Sanad means “Support” in Jordanian.
I met yesterday with a coalition of sanad group leaders who were touring the United States as guests of the Department of State. Their mission was to learn as much as possible about how we conduct our cancer support groups.
We enjoyed one and a half hours of exchanging ideas and sharing stories with each other. The Jordanian delegation consisted of nine women, over half of who are survivors, and one man.
We discussed cultural differences and how they impacted our support groups. In Jordan men and women would not be comfortable in meeting in the same groups, so all of their support groups are segregated by sex. Not dissimilar to American men. Jordanian men do not like to talk about feelings or their medical concerns. Also, like American men, they often have to be led and sometimes forced by their partners and spouses to even attend support groups.
The delegation all came from the King Hussein Cancer Center located in Amman, Jordan. The King Hussein Center is the only hospital in Jordan that offers any support groups for cancer patients. When a newly diagnosed patient is admitted into the hospital not only does the hospital social worker visit the patient to tell them about their sanad programs, but a sanad group volunteer also visits. If the patient indicates they don’t have any interest in the group, their name, telephone number and their address is requested by the volunteer. The volunteer then periodically follows up to again offer sanad. How many of our hospitals are as open or encouraging of our support programs? Wouldn’t this be a great model for all of us?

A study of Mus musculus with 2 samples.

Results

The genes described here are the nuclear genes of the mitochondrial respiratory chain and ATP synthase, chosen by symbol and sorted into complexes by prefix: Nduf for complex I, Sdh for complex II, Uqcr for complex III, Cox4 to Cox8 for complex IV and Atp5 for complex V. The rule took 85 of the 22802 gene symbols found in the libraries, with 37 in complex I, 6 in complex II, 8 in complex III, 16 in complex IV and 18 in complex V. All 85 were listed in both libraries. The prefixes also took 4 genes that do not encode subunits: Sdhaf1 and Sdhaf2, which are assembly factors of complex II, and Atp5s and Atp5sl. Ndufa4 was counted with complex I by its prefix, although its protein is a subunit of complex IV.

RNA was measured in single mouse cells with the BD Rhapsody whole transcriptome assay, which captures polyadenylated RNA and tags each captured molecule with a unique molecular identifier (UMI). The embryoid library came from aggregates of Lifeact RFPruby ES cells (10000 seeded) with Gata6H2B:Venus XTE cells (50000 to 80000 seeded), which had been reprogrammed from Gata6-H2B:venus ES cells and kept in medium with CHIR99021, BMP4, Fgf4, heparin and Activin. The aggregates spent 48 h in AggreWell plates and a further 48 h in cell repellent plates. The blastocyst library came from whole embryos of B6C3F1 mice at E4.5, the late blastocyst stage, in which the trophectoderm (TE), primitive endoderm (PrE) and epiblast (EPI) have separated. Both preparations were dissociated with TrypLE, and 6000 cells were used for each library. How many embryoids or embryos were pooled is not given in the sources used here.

As good as the sanad program is in Jordan, other then in Israel, no other country in the Middle-East offer any sort of support programs.
This cross cultural meeting, although very time limited, provided a great opportunity to meat other sanad leaders, compare notes, learn and teach and also to build a bridge with caring people from the Middle-East.